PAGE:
Solar Eclipse: Lebo Style

The crowd gathered at the eclipse watch party outside Mt. Lebanon Public Library.

It was a celestial event years in the making! Now, the 2024 total solar eclipse is one for the history books.

To mark the occasion, The Citizen Science Lab and Mt. Lebanon Public Library teamed up to host an eclipse watch party in the library parking lot on Castle Shannon Boulevard. Cheers could be heard from the large crowd when Mt. Lebanon hit 97% totality at 3:17 p.m. Even the street lights on Washington Road came on for a brief time.

Connie Mathews, senior children’s librarian, remembers sharing the communal experience during the library’s 2017 eclipse party. Another party was held today “so that we can bring the public together to celebrate this historic momentous event,” she said.

“The solar eclipse is a very exciting time, not just for people in the science community, but for everyone. Everyone is excited about what’s happening in the sky,” said Nicole Saltzman, lead instructor for The Citizen Science Lab, which offers after-school STEM enrichments at Mt. Lebanon Library.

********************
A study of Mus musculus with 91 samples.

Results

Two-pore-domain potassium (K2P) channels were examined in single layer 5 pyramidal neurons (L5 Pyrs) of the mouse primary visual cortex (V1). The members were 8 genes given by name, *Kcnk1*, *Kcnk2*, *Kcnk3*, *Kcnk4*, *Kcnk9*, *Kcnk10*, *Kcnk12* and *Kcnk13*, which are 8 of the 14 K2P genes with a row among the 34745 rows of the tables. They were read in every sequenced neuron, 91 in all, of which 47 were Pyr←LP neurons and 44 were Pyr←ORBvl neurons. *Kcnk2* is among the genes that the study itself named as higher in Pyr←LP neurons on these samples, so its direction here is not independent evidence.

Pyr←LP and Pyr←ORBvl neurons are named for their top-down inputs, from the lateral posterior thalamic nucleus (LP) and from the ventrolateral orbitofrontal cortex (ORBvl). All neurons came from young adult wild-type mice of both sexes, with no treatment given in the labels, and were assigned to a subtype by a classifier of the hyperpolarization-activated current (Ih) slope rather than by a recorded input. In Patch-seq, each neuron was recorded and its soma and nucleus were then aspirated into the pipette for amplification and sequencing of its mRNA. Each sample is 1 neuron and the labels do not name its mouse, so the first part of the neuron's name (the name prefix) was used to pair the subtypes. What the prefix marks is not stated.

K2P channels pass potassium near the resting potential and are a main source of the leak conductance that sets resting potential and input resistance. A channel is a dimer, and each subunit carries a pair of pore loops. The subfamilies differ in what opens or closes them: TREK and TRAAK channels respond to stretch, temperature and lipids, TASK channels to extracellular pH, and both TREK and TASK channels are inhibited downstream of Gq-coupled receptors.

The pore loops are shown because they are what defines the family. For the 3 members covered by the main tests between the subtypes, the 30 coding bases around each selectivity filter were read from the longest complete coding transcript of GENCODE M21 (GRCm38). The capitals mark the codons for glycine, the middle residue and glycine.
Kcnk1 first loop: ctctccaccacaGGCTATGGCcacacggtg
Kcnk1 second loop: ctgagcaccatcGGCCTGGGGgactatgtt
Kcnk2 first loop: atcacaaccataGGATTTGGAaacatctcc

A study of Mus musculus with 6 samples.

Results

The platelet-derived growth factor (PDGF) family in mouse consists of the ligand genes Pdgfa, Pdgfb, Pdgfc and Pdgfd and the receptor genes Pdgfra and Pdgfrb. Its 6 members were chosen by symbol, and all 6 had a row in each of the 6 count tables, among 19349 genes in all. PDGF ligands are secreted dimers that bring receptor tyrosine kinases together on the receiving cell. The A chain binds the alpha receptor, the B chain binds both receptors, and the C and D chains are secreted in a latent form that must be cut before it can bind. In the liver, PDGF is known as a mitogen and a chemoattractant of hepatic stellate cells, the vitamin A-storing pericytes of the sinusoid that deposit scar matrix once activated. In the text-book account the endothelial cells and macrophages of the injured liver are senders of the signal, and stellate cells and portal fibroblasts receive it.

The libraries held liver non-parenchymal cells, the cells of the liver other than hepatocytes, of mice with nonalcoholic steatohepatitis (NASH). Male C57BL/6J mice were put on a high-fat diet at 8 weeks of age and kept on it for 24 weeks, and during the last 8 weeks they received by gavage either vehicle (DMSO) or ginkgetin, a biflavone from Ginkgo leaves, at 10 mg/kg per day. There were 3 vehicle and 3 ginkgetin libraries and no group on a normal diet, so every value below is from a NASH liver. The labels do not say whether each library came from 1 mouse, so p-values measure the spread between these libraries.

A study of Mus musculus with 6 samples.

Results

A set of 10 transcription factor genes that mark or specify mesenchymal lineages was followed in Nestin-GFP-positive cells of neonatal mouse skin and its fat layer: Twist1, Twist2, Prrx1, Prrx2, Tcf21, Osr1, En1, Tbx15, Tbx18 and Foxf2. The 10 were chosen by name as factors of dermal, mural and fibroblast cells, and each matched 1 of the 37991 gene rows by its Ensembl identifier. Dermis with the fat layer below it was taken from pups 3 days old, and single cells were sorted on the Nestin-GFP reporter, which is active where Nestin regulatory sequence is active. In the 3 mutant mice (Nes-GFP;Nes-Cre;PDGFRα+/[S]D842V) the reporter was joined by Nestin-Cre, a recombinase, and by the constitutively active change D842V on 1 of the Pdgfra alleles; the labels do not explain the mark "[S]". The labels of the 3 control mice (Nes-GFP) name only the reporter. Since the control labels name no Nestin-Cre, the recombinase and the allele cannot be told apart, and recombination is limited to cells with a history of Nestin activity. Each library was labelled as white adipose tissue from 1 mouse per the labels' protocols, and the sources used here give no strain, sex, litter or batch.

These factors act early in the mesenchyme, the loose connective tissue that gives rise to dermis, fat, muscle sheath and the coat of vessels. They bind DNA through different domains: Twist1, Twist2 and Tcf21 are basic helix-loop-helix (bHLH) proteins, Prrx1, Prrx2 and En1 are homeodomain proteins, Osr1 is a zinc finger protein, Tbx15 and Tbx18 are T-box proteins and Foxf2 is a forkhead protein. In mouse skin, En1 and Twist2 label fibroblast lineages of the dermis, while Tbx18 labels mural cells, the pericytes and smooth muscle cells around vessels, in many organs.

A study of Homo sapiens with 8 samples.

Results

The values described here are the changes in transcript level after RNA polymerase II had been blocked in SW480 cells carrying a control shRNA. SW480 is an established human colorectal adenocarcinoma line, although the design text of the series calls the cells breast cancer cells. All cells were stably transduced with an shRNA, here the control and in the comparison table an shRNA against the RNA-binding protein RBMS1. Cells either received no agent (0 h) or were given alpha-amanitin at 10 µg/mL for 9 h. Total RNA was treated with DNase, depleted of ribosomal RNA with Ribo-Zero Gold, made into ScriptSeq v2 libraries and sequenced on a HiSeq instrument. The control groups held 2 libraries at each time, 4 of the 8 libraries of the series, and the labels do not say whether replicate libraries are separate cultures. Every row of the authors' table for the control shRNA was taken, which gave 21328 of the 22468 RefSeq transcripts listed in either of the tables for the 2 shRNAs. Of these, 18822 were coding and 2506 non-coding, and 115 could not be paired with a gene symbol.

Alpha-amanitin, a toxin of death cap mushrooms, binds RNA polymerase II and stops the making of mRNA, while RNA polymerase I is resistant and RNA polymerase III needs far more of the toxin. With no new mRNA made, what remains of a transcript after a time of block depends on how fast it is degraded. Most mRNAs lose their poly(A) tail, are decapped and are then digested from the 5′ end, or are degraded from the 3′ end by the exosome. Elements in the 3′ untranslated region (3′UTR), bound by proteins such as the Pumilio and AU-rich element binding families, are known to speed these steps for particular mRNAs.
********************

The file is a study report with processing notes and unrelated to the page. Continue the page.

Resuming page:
April Reicherter, Brafferton Drive, brought her three boys Robert, 6, Andrew, 4, and Joseph, 2, to enjoy the free space-themed activities, crafts and experiments. “They love science and they love space so I thought it was a great opportunity for them and we love the library, too,” she said.

Robert Reicherter, 6, and his brother Andrew, 4, explore how Oreo cookies can demonstrate what happens during an eclipse.

Mt. Lebanon resident Kathleen Slaysman and her friends enjoyed seeing the children’s reaction as the sun slowly started to disappear. “Their excitement is just overwhelming,” she said.

You may need to hang on to those eclipse glasses for a while. The next total solar eclipse in North America won’t occur until August 23, 2044.

Ginger Brown, Bethel Park, Nancy Camino, Castle Shannon, Erica Brueggemann, Mt. Lebanon and Kathleen Slaysman, Mt. Lebanon view the solar eclipse through special glasses.